Manifestoes blast their way into the popular consciousness on two kinds of fuel: recognition (we see ourselves in them) and rage (we can no longer tolerate the injustice they describe).
And so begins Judith Shulevitz’s review of “Perfect Madness: Motherhood in the Age of Anxiety” in this week’s NYT Book Review, which Newsweek excerpted in last week’s cover story.
Shulevitz contends in a huge cover piece that Warner’s book is brimming with both recognition and rage. Though her review is a mix of “thank God someone wrote MY experience” and frustration at the limited viewpoint of largely upper-middle-class women, Shulevitz makes a point at the end that, “Overparenting has a lot in common with overwork.”
According to her both:
• make economists happy because it leads us to buy more stuff
• are powered by fear of loss of face
She stops short of shouting “revolution!” since, as she admits, “revolutions tend to end badly.” Instead she offers this sage bit of advice:
But insofar as mothers with jobs and mothers without them could conceivably band together to form a very large interest group, we do represent a whopping opportunity for change. Whether we take that opportunity depends on whether we can pull ourselves out of our mess long enough to persuade those around us to clean up theirs.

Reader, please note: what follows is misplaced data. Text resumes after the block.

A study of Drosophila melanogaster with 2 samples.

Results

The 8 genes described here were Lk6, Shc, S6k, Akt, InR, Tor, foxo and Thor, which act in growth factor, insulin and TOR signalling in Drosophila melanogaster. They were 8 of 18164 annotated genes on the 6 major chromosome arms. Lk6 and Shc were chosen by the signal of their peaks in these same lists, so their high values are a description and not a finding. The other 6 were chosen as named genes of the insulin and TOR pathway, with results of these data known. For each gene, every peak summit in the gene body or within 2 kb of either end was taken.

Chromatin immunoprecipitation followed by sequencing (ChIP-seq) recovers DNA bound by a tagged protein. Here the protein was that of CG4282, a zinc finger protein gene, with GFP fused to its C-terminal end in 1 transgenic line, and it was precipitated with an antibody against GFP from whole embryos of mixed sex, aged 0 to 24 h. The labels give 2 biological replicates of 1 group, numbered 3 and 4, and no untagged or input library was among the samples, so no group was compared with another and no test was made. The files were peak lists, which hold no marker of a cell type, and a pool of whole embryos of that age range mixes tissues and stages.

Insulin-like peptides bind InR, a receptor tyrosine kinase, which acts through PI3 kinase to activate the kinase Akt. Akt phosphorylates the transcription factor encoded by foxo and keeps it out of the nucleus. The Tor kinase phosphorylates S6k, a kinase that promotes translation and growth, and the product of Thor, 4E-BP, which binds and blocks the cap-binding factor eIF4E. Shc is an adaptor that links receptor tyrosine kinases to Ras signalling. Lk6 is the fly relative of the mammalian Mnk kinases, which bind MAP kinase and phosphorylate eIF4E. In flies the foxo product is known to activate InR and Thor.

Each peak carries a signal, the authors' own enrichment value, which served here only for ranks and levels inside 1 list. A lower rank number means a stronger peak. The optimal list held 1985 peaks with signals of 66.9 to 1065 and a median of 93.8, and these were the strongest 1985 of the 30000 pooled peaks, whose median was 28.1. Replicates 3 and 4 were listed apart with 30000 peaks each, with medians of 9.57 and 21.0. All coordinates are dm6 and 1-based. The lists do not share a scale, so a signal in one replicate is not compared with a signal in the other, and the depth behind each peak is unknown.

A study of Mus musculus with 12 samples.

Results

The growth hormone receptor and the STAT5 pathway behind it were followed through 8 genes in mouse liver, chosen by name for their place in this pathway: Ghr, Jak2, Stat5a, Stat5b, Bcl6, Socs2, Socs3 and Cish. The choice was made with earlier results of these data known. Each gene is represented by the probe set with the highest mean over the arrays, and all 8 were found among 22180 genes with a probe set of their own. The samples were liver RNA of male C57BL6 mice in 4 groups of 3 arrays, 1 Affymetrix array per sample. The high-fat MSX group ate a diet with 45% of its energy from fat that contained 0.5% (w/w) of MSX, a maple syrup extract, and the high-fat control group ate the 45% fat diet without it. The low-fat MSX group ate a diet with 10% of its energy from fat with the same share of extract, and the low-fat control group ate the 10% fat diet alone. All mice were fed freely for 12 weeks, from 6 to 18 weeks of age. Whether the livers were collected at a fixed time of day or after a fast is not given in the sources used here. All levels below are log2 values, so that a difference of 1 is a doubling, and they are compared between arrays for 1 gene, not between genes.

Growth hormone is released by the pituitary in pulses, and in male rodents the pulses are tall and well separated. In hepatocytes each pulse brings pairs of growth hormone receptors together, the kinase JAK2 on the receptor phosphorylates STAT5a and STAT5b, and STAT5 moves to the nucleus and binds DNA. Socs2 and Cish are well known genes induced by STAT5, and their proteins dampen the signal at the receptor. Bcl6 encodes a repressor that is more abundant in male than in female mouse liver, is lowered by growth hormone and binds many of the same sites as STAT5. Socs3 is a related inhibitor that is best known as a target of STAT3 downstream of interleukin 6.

Return from the woods
Every person should have access to a refuge. I found mine this weekend at my sister’s in-laws’ cabin in Hocking Hills. Spent four days running over declivitous hills and through sweeping meadows with my yellow lab, Riley and her two canine cousins, Mike and Grace. There’s a certain peace and comfort that comes from running with the dogs in the woods. My Riley, the pup in the trio, bound ahead but always paused to make sure I was coming before running on.
Though I spent the weekend with my extended family, it was a large enough place to allow a tinge of solitude. It will be even better when Jen and I go there alone.